On George Washington Bridge the World’s Largest Free-Flying US Flag was Displayed for Flag.
The people crossing the Hudson River on George Washington Bridge in New York last Thursday, Flag Day, were the audience of a unique national treasure. The world’s largest free-flying US flag was suspended from the upper reaches of the bridges New Jersey tower. Port Authority workers unfurled the 60-by-90 foot and 450-pound nylon American flag before 7 a.m. Setting up Old Glory was no easy task for the bridge employees. “To hang that flag takes hours but it reflects the pride of the people who work on the bridge. On Flag Day, on July 4, people are going to put flags out in their front yards. The Port Authority is going to do the same in our front yard, on the bridge that is most identified with New York and New Jersey,” said Bill Baroni, deputy executive director of the Port Authority of New York & New Jersey. The tradition of hanging up the flag over the George Washington Bridge dates back 65 years.
Stats and facts about the world’s largest free flying American flag:
— The Port Authority cycles through flags once every few years, replacing damaged banners as needed. The current model is about 6 years old, purchased to mark the 5th anniversary of 9/11.
— All of the flags have been the same height and width, just the right dimensions to ensure the tower can support the weight of the tapestry.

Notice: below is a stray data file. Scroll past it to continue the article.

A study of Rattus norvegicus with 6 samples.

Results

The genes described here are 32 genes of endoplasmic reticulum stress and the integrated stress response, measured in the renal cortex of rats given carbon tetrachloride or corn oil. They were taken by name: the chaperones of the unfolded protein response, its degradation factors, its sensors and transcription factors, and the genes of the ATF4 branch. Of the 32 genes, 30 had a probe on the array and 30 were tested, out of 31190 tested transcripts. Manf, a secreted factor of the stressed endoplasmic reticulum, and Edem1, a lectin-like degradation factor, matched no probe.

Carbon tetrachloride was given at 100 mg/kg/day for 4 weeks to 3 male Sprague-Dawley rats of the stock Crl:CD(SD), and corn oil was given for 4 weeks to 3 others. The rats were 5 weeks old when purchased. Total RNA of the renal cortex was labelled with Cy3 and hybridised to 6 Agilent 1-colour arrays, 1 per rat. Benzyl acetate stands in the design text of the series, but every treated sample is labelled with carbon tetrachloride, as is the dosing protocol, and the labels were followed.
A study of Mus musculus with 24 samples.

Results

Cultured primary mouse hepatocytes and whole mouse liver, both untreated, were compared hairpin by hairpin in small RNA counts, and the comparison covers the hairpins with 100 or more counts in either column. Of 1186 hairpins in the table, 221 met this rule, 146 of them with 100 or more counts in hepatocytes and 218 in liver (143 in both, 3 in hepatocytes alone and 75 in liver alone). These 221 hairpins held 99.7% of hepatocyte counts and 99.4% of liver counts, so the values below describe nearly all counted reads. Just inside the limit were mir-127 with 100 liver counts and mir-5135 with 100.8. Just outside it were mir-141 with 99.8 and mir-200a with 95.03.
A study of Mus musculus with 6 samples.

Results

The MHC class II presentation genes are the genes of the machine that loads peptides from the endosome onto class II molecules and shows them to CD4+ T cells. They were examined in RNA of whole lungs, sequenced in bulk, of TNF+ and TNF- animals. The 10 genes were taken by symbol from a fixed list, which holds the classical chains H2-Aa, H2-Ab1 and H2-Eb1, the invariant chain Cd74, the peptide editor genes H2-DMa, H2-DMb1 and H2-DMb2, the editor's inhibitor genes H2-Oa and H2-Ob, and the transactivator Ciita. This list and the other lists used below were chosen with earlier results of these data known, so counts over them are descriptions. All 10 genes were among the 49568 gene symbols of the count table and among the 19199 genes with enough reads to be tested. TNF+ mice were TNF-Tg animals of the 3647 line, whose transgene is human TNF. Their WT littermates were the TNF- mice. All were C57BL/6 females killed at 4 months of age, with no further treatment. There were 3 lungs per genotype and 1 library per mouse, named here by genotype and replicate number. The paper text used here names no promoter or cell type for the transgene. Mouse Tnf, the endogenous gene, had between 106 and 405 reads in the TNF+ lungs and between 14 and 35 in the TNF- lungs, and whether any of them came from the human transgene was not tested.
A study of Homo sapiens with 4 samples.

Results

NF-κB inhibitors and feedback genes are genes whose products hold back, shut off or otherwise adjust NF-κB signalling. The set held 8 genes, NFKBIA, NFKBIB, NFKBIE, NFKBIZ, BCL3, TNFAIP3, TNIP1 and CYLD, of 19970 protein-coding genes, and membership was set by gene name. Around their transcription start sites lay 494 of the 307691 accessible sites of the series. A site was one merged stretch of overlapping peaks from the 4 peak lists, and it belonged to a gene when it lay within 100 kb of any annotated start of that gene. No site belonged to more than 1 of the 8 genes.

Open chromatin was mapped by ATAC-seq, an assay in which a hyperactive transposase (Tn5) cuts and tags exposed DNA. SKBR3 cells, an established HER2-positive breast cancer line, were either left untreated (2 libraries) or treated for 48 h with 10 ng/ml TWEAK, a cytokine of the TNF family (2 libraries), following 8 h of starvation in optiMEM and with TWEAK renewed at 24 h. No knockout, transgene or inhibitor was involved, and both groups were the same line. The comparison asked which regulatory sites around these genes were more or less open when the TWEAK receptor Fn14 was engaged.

— It takes about 30 minutes for Port Authority workers to remove the behemoth from its container inside the tower. “Picture a towel folded in half lengthwise and kind of twisted,” says Bob Durando, the bridge’s general manager. “That’s pretty much what the flag looks like, with winches and cabling attached to it. There’s a process that these winches lower down, the boom opens up and the flag unfurls.”
— Two weeks after 9/11, a group of Port Authority employees retrieved and repaired a retired GWB flag that had been in storage. The team trucked Old Glory from New Jersey to Lower Manhattan, where it flew near Ground Zero.
— Technically, the Fort Lee flag is not the world’s largest national banner. A record-setting super flag was unveiled in Israel three years ago. The blue, white and gold colossus weighs more than 11,000 pounds and measures 2,165-by-330 feet. Other countries with notably enormous flags include Mexico and Morocco.
— Although Betsy Ross is commonly depicted sewing the original stars and stripes, an eccentric 18th century New Jersey politician/poet/harpsichordist named Francis Hopkinson is the true designer of the red, white and blue banner, according to flag historian Dave Martucci. Hopkinson invoiced the government for the flag design in 1780, asking to be compensated in the form of “a quarter cask of public wine”; but Congress never authorized payment.
— The self-described oldest and largest flag manufacturer in America is a New Jersey company, Annin & Co., in Roseland, which has been stitching patriotic tapestries since 1847.